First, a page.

The fallout from the UK phone hacking scandal continues to affects Australia, with a political push for an inquiry into media regulation and ethics of the Australian media.
Greens leader Bob Brown called for a “full inquiry into the media, both ownership and regulation, in Australia” yesterday, in light of the recent News International phone hacking scandal in the UK.
Although News International is a completely separate business from the News Limited papers in Australia, both are owned by Rupert Murdoch under the News Corporation banner. Brown acknowledged that no illegal methods of information gathering like the New of the World voicemail hacking had been found here, but “the potential for such behaviour and the breadth of the allegations in the UK indicates it is timely for a closer look at Australia’s media regulation”.
PM Julia Gillard didn’t immediately dismiss the idea, instead saying she “will be happy to sit down with parliamentarians and discuss that review that people are obviously contemplating”.
Crikey media writer Margaret Simons published the Greens Draft Terms of Reference about the proposed inquiry into media regulation on Content Makers yesterday:
A Senate Committee on Australia’s media regulation be set up to inquire into and report on:
(a) The potential to expand the jurisdiction of the Australian Communications and Media Authority to include newspapers; and/or;
(b) The need for a independent statutory authority to oversee and enforce the code of ethics for journalists;
(c) The requirement for and content of a ‘fit and proper person’ test for holders of a television or radio licence and for major newspaper proprietors, whether in print or on-line;
(d) The effectiveness of Australia’s current media ownership laws in preventing concentration of media ownership;
(e) The effectiveness of civil and criminal laws relating to the protection of privacy in relation to media reporting; and
(f) any other matters relevant to the above terms of reference.
The Inquiry would report by 21 November 2011.
It’s understood that Gillard would negotiate the terms of terms of reference before agreeing to any probe into media regulation here in Oz.
It comes as News Limited announced a full review of all editorial spending in the last three years to ensure all expenses paid for were “legitimate services”. John Hartigan, CEO of News Limited, appeared on ABC’s 7.30 last night to discuss the NotW scandal and vehemently denied that similar behaviour appeared in News papers here. He said:
“I’m hugely confident that there is no improper or unethical behaviour in our newsrooms. I think people need to understand the very different environments that we have in newspapers in this country and also in the United Kingdom. They refer to a lot of the media as “red tops” in the United Kingdom. They’re very aggressive newspapers. They have — you know, they’re very sensational, they deal with people’s lives, private lives, and they — some of the behaviours that have come out have obviously been driven by the need to get in front of each other. I would argue very strenuously that we don’t have those behaviours in Australia.”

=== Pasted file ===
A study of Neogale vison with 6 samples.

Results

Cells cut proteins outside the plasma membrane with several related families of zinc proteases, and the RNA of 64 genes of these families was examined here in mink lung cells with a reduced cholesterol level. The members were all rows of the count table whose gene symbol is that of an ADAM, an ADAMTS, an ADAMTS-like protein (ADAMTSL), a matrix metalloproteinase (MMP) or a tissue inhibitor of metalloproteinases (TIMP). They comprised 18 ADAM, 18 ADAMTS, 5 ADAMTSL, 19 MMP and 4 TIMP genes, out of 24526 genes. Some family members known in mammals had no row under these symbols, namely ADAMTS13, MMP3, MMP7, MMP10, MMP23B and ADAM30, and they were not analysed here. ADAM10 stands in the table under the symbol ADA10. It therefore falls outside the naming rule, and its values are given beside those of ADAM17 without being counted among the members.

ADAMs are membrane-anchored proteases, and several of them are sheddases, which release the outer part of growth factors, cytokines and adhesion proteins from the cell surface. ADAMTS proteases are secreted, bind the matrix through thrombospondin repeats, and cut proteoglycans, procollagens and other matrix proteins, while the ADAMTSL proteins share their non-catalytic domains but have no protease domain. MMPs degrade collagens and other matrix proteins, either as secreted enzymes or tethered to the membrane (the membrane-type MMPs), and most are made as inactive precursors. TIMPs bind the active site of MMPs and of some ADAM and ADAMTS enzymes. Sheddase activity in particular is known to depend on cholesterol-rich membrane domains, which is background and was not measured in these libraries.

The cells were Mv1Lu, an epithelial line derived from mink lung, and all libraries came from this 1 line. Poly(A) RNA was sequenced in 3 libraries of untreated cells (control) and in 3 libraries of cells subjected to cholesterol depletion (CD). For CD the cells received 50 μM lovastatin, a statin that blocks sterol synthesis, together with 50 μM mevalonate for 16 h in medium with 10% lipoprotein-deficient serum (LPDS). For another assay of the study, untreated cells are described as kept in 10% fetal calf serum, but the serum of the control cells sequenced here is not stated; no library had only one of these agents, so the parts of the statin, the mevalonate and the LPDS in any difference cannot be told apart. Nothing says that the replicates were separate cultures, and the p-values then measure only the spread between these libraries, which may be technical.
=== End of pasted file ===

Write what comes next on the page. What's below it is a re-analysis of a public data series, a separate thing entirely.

The Australian lead with news of Brown’s call for a media inqury on its front page today, but had an interesting juxtaposition with a story calling The Age‘s ethics hypocritical after rolling around all this week in the News International saga although it recently published a story that involved The Age accessing an ALP voter database without permission.
Barrister Peter Faris QC, who had his details accessed by The Age in the ALP database, calls The Age‘s actions regarding the database as “very close to corruption and criminal conduct”. He writes in The Australian: “The Age has covered up this incident and it is a bit rich that they now lead the charge to criticise the Murdoch press in Australia.”
Faris went on to call for the Australian Press Council, the self-regulatory body of the Australian print media industry, to be scrapped and an independent regulatory body to be established that could examine misconduct and corruption in the media.
Yesterday Gillard addressed the National Press Club yesterday to discuss the carbon tax and questioned its coverage of her carbon price plan. “I’d say to you, don’t write crap. [It] can’t be that hard,” she said. ”And when you have written complete crap, then I think you should correct it.” The advice was met with laughter and applause from the journos gathered.
Back over in the UK, Rupert Murdoch and son James finally agreed to face a parlimantary inquiry into the dealings of News International papers, after being threatened with jail by MPs if they failed to co-operate. They will give evidence in front of a Commons culture select committee next Tuesday. News International exec and former NotW editor Rebekah Brooks had already agreed to face the committee meeting.
Legal action against the NotW action continues, with former New of the World deputy editor Neil Wallis arrested yesterday in light of allegations that NotW paid police bribes. It puts Scotland Yard under fresh pressure after it emerged that Wallis had been hired as an advisor on “strategic communications” to senior Yard officers just last year, at the same time that Scotland Yard was rejecting calls to reopen the police investigation into the phone hacking scandal.
Over in the US, the FBI opened an inquiry into allegations that News journalists in the US, working for NotW, attempted to gain access to the phone records of 9/11 victims. So far it’s just a preliminary inquiry after Congressman and news reports called for further investigation into the claims.